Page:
Common sense tells us if you raise the cost of making something, you’ll get less of it.
The Santa Ana City Council’s progressive majority recently voted common sense out the window and voted to raise the cost of home construction – while claiming it would actually spur developers to build more housing.
California has a housing affordability crisis. There’s a lot of demand, and not enough supply. As is the case with in-demand products and services, the prices of those goods and services will increase until their is a counter-balancing increase in supply.
California’s housing supply isn’t keeping pace with demand in large part because is because it is very difficult and expensive to build here – largely due to government overregulation.
In the fall of 2020, in a fit of sanity, the Santa Ana City Council took a step in the right direction: lowering the cost of building housing by cutting the in-lieu fee to $5 from $15 per square foot – where it had been since October 2015.
Revenue from the in-lieu fee goes into the city’s inclusionary housing fund.
But as Councilman Phil Bacerra, the sponsor of the reduction pointed out last month, “No developers pulled building permits from October 2015 [until] September 2020, when we reduced the fees to $5 per square foot, along with other items.”
“That was zero dollars going towards down payment assistance for first-time homebuyers. That’s zero dollars going towards rehabbing existing affordable units here in Santa Ana,” said Bacerra.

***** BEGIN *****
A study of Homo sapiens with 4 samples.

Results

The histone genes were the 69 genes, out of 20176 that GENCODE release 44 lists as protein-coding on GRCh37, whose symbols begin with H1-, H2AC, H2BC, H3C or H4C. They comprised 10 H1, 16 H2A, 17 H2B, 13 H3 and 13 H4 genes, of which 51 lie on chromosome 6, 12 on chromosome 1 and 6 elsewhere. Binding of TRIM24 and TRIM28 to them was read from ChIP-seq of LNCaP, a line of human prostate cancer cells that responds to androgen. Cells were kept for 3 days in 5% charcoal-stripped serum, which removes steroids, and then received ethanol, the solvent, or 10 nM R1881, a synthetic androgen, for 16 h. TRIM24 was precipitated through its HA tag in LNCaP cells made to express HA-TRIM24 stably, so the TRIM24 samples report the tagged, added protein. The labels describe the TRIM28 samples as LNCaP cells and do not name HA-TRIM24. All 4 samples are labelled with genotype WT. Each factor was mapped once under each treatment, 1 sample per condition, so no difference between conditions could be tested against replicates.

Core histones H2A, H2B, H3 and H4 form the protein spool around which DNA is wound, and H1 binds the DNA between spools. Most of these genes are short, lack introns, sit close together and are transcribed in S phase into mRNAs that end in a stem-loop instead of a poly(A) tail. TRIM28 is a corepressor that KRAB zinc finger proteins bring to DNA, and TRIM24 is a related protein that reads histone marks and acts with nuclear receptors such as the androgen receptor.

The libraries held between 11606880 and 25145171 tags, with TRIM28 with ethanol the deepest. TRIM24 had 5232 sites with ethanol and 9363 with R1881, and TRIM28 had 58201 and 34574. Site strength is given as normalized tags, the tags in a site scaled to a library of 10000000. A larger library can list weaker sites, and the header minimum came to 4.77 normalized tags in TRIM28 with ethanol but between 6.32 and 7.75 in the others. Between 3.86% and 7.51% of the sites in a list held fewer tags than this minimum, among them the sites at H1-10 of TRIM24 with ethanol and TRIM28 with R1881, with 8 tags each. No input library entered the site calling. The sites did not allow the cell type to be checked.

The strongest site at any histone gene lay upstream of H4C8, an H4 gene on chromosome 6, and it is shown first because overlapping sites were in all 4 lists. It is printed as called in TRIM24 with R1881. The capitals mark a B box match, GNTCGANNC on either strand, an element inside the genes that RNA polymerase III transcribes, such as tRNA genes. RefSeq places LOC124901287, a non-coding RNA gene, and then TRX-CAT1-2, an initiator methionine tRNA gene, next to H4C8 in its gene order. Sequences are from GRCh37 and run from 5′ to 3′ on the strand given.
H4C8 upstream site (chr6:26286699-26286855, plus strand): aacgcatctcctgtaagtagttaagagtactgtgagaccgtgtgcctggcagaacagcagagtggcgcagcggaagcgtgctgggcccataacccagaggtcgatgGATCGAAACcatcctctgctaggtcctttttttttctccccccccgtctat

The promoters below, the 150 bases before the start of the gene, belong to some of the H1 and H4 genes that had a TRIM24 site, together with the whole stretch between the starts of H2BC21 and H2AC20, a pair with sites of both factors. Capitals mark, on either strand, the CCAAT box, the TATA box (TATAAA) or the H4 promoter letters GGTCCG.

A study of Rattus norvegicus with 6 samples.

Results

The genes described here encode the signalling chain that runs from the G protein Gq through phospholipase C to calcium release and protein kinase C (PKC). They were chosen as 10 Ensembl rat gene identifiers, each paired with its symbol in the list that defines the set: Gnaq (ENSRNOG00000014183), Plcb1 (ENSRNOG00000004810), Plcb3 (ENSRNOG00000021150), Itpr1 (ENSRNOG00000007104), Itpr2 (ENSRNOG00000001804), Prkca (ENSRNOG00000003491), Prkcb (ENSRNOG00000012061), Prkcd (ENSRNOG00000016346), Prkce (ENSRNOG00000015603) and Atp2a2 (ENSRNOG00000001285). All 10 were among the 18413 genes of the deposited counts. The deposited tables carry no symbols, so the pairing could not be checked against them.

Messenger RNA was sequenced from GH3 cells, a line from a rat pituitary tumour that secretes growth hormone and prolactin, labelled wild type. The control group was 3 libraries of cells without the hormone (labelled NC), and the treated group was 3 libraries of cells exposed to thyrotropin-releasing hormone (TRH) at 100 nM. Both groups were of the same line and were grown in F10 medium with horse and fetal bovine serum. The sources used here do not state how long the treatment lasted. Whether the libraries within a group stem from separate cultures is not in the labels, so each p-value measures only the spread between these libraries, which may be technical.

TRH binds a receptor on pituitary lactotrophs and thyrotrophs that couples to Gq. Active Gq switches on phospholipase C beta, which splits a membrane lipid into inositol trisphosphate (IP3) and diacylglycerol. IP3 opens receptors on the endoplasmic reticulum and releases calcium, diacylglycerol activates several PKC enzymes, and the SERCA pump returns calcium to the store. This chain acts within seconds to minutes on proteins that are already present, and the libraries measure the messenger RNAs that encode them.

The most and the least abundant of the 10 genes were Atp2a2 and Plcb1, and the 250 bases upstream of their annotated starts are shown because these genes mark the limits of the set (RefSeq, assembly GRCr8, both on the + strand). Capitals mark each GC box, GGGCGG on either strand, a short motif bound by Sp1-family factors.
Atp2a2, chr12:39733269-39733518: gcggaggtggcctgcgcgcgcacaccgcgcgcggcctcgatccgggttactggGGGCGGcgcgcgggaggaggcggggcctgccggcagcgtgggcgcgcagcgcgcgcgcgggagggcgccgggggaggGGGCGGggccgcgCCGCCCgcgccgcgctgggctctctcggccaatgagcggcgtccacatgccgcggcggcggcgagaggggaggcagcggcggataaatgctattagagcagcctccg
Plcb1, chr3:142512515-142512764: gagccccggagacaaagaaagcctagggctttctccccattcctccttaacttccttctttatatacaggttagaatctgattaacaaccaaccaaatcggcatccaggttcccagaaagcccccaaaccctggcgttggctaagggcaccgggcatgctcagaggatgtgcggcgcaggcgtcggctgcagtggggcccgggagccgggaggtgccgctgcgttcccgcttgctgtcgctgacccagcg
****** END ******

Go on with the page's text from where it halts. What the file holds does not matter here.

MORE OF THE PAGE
So from October 2015 to September 2020, when the fee stood at $15 a square foot, the inclusionary housing fund received no fee revenue.
Since the fee was reduced to $5 a square foot, the city has collected more than $9 million in fee revenue for its housing fund.
The moment of policy clarity proved fleeting. The November 2020 election brought to power a progressive majority: Mayor Vince Sarmiento and Councilmembers Jessie Lopez, Thai Phan and Johnathan Hernandez. They not only resurrected that failed policy, but found a way to make it worse.
First, it ratcheted the in-lieu back up to $15 a square foot – unless developers agree to only use expensive union labor on their project, in which case they can pay the $5 per square foot fee.
In other words, the city is telling housing providers to pick their poison: higher in-lieu fees or higher labor costs. Either way, it translates into making it more expensive to build housing in Santa Ana – therefore leading to less new housing and exacerbating the affordability crisis.
It takes a special sort of ideological hubris to disregard proven success in order to double down on failure.
The state has told Santa Ana it needs to build 3,137 housing units before the end of the decade.
Good luck with that.
It’s a pretty safe bet this new policy will stifle housing construction in Santa Ana. The real question is whether the progressive council majority will shackle itself to failure or be open to embracing policies that work.